An Interview with Nathan Jurevicius [Pt.1]
Day 13 of Lemonade’s countdown to Christmas and we bring you part 1 of our recent interview with illustrator, Nathan Jurevicius. Look out for part 2 coming soon as well as some very cool wallpapers, Enjoy.
Lemonade Magazine: For those who aren’t aware of you or your art could you give us a brief introduction?
Nathan Jurevicius: I’m an Australian artist based in Toronto, Canada and sometimes the US. Probably best known for my limited edition toys, books and game based around my Scary girl brand.
LM: Who or what inspired you to start drawing?
NJ: My father. He’s a potter, painter and art teacher and was the biggest influence on me becoming who I am. He would always provide my brother and me with unlimited amounts of supplies to create whatever we wanted (much to my mother’s horror, who would at the end of each day literally rake up the drawings in large pile).
LM: Can you tell us a little about you education in art? Are you self taught or did you go to University?
NJ: I have a degree in Design majoring in Illustration but self taught using the computer (the Illustrators had limited or no real access to computers during my time at University).
LM: How did you find your time at University? Did it help you become the artist you are today?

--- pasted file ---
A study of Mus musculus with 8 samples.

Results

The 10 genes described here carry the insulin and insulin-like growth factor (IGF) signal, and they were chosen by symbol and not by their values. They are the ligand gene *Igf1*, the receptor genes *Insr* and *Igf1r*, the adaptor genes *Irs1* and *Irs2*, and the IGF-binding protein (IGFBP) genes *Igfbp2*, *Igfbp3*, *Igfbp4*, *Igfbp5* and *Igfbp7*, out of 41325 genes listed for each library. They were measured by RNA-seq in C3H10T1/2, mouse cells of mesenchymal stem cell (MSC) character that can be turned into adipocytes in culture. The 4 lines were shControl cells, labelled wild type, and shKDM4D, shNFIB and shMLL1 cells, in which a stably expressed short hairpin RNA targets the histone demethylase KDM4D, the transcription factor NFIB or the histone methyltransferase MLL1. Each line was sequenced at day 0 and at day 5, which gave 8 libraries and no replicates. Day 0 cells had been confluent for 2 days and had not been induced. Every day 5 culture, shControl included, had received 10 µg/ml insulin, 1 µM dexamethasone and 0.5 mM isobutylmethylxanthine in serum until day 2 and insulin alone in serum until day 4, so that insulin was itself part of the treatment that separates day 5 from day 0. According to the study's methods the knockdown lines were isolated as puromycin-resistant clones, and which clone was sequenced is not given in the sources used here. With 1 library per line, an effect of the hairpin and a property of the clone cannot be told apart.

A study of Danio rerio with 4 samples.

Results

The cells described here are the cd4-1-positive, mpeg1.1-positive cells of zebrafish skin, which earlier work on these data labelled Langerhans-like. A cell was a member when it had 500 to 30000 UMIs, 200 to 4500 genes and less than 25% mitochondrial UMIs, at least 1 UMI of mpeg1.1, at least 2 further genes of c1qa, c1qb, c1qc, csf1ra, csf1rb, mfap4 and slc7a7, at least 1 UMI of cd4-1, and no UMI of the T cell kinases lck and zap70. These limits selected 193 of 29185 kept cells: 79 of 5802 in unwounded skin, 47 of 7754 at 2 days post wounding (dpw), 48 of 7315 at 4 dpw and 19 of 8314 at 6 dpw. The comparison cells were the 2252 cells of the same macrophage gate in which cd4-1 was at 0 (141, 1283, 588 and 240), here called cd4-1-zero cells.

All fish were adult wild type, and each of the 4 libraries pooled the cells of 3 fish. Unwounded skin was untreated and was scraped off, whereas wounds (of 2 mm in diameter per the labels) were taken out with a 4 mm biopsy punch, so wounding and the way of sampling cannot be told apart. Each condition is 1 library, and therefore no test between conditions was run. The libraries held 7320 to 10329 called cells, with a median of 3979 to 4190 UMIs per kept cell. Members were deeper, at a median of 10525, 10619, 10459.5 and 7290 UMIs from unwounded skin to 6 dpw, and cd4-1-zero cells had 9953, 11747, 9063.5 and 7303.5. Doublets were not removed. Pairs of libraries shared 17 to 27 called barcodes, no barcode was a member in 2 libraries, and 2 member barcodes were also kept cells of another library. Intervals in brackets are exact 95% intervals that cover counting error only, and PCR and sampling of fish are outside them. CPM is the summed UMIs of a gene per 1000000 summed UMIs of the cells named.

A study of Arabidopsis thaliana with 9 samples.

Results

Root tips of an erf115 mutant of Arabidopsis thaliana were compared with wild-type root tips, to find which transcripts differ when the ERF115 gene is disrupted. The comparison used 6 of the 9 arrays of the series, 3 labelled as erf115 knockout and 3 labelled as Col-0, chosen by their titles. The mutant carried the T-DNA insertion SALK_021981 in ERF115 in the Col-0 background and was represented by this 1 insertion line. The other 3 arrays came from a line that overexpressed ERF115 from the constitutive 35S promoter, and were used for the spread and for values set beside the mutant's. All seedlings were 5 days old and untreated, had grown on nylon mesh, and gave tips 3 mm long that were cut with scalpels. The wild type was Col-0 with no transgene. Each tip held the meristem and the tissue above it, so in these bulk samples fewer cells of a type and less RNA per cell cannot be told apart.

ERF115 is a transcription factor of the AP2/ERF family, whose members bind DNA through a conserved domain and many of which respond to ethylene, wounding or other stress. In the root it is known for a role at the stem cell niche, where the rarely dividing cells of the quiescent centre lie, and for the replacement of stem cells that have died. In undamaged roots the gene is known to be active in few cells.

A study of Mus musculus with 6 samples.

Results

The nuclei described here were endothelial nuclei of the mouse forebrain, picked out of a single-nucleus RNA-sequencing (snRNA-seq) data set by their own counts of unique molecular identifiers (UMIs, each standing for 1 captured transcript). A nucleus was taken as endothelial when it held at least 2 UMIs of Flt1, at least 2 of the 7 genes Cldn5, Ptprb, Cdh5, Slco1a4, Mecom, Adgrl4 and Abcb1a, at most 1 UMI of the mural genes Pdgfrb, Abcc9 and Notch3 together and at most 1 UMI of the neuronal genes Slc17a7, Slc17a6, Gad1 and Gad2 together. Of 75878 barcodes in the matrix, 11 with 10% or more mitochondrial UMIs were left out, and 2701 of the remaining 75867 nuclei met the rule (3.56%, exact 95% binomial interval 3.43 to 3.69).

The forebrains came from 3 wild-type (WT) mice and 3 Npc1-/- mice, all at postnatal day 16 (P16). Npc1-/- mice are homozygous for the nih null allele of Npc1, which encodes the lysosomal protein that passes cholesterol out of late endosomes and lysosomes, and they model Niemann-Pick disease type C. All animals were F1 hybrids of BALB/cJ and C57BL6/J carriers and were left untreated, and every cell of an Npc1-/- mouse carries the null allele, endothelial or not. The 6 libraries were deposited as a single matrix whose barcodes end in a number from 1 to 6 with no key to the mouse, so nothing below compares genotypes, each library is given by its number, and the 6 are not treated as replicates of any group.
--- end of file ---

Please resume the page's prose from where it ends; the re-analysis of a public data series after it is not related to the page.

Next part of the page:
NJ: I’m glad I went but I found my time there mostly depressing….maybe it was the school or something personal I was going through. Fortunately during my 3rd year I was offered a series of children’s books from a local publisher…this helped me a lot after graduating and got my foot into the world of full time freelance illustration.
LM: In 2002 you created “How Quest Sought the Truth”, Could you tell us about the creative process for this and how the project came about?
NJ: A design company based in Croatia (Bulaja Publishing) contacted me in 2000 to work with a series of other artists interpreting famous Croatian folk tales. We were allowed to transform these stories in any way we desired as long as they could be presented online. Eventually we all met in Croatia at the Zagreb Animation Festival and showed the project there. It was an amazing experience and a lot of life-long friendships were developed. I’d love to redo my piece though as it looks very dated….but I suppose that’s the nature of developing your work.
LM: What is it about the “How Quest Sought the Truth” work that you find dated? And how would you go about updating it?
NJ: It was created 100 years ago when I was first coming to grips with the computer. Visually and technically it feels dated – like looking at an old hidden photo. Since then my work has evolved and feels more sophisticated. If I was to redo the story I’d probably tell it in a more experimental way, possibly play with live action and animation…pulling out smaller themes and focusing on them. There would be no musical moments in the revised version.